Malaysia detains 79 suspects over Borneo invasion
Malaysian police said Saturday that they had detained 79 suspects linked to Filipino intruders in Borneo as they intensify an operation to flush out members of a Filipino Muslim clan who took over a village last month.
The armed clansmen have caused political havoc for Malaysia and the neighboring Philippines by trying to stake a long-dormant royal territorial claim to Malaysia's sprawling, resource-rich state of Sabah in Borneo. Most of the Filipinos eluded capture in a coastal Sabah district filled with palm oil plantations and forested hills after Malaysian forces attacked them with airstrikes and mortar fire on Tuesday.
National police chief Ismail Omar said 79 men and women, held without trial under a security law, were being investigated for their links to the gunmen.
He said they were detained outside the conflict zone but didn't give further details. The detainees are believed to be informants or food suppliers to the gunmen, but it's unclear if they were Malaysians or Filipino nationals.
Ismail said a Filipino gunman was killed early Saturday after he tried to escape a police cordon, raising the death toll in the conflict to 61.
Representatives of the Filipino group have disputed the casualty numbers provided by Malaysian authorities. The main contention is over 31 Filipinos whom police and the military said were fatally shot Thursday. The clansmen's representatives in the Philippines insisted there had been no deaths on their side that day, and neither side has managed to conclusively prove their conflicting claims.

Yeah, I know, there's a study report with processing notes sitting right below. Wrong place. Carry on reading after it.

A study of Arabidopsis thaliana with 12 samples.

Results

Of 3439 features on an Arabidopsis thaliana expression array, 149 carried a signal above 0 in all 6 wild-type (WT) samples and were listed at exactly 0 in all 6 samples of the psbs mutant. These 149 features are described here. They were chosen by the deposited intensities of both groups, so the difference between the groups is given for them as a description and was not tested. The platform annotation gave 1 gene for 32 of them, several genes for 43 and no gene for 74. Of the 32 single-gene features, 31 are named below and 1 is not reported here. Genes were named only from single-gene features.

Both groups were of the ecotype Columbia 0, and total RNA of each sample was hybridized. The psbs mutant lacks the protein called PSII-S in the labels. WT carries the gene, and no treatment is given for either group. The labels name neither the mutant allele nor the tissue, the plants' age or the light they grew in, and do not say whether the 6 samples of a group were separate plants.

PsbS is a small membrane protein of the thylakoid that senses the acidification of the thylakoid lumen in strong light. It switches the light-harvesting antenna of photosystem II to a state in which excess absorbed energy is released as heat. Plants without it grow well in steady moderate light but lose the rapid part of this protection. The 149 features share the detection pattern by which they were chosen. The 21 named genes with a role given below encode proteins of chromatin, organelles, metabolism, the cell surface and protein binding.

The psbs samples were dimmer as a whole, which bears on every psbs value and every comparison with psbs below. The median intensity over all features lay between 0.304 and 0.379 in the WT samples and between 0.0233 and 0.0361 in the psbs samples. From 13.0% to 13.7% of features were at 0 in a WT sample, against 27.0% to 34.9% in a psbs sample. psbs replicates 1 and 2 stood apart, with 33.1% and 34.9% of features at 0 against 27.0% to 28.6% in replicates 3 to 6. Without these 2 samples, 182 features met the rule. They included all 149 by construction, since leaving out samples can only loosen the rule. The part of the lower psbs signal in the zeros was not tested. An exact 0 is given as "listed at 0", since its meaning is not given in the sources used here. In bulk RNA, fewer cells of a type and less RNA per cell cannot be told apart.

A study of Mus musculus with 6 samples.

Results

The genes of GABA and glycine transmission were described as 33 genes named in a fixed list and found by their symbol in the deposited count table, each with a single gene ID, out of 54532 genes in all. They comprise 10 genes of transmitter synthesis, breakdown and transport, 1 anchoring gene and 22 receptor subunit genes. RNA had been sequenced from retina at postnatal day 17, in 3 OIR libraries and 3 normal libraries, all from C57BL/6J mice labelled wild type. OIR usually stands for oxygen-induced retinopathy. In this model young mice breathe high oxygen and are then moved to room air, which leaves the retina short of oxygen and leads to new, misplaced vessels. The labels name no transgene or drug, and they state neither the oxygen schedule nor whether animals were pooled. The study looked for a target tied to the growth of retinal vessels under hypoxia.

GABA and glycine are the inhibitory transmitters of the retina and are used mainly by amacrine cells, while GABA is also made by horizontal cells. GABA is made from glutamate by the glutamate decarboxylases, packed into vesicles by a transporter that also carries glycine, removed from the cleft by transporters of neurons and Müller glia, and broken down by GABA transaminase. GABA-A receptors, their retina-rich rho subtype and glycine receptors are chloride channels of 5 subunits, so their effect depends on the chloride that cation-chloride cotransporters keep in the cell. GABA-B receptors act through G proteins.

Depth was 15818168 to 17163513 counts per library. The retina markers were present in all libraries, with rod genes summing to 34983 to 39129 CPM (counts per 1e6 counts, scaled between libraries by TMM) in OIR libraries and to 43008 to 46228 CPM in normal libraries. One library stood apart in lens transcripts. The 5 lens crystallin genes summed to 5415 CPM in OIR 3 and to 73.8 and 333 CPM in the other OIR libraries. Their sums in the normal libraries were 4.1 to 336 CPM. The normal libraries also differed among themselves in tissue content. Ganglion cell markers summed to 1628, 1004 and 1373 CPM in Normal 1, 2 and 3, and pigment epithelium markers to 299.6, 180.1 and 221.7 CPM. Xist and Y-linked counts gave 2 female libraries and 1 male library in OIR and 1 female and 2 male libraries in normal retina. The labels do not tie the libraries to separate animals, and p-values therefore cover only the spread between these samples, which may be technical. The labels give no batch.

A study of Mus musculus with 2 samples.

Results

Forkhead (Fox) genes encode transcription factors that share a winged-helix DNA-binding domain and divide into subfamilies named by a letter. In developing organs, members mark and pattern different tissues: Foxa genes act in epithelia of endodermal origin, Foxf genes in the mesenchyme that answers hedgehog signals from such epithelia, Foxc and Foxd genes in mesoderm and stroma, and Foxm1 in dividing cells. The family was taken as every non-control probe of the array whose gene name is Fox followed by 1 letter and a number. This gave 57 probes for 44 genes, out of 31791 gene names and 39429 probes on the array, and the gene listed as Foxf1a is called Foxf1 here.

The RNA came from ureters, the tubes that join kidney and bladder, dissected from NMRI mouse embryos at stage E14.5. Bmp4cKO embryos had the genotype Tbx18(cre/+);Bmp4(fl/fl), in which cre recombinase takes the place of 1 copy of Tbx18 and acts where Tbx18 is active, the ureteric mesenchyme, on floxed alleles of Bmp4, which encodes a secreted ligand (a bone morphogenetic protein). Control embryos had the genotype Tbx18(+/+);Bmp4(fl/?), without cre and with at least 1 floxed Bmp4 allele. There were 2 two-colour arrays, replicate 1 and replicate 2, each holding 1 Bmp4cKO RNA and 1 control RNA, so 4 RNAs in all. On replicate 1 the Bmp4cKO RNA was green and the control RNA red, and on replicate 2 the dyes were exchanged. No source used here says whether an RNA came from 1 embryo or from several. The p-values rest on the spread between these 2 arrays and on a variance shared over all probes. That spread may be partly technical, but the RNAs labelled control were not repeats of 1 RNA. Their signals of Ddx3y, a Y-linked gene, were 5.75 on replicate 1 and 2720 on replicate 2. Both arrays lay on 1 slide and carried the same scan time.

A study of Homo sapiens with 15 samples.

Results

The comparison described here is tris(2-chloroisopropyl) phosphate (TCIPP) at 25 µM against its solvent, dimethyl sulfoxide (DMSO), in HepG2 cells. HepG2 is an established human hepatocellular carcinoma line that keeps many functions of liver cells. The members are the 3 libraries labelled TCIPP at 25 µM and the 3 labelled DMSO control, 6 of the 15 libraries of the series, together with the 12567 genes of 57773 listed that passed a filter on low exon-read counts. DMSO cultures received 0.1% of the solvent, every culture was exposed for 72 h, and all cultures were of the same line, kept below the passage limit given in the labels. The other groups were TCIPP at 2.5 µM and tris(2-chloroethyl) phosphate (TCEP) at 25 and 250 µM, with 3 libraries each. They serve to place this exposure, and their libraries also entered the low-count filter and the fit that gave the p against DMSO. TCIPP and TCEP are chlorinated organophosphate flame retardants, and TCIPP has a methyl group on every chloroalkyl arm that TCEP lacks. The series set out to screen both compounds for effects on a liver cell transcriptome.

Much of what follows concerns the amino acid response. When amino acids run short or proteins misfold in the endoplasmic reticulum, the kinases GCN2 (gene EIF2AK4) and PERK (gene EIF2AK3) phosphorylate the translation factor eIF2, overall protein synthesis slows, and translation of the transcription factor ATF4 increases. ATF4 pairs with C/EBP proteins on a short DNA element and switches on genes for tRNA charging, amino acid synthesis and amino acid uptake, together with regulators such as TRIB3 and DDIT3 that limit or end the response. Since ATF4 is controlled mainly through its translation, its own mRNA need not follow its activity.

The clansmen are led by a brother of Jamalul Kiram III, who claims to be the sultan, or hereditary ruler, of the southern, predominantly Muslim province of Sulu in the Philippines. Malaysia's government has rejected a call by Kiram for a cease-fire and urged the gunmen to surrender unconditionally.
International rights group Human Rights Watch on Saturday echoed a call by the U.N. chief to ensure the protection of civilians and for humanitarian access to help those affected by the violence.
"The situation on the ground in the conflict zone in Sabah is still quite murky, and the government of Malaysia should provide clear and accurate information on what has occurred," said Human Rights Watch's Asia deputy-director, Phil Robertson.
The New York-based group said it was concerned over the use of a new security law to detain dozens of suspects and urged the government to charge or release them.
Fifty-three gunmen and eight Malaysian policemen have died, mainly in shootouts between security forces and the Filipino group and their suspected allies. The clansmen sneaked into Sabah by sea from the nearby southern Philippines around Feb. 9.
U.N. Secretary-General Ban Ki-moon earlier this week called for dialogue among the parties to bring an end to the violence.
Malaysia's government has said that it made every effort to coax the Filipinos to leave and that it had to use force after the group fatally shot two policemen on March 1. Six other police officers were ambushed and killed by other Filipinos believed to be linked to the clansmen in another Sabah district. The Malaysians have killed at least 53 clansmen and their suspected allies.
The Filipinos say Sabah once belonged to their royal sultanate for more than a century and should be handed back. Malaysia has dismissed their long-dormant territorial claim to the oil-and-timber-rich state, which has been part of Malaysia for five decades.
An estimated 800,000 Filipinos, mostly Muslims from insurgency-plagued southern provinces, have settled in Sabah over the years to seek work and stability.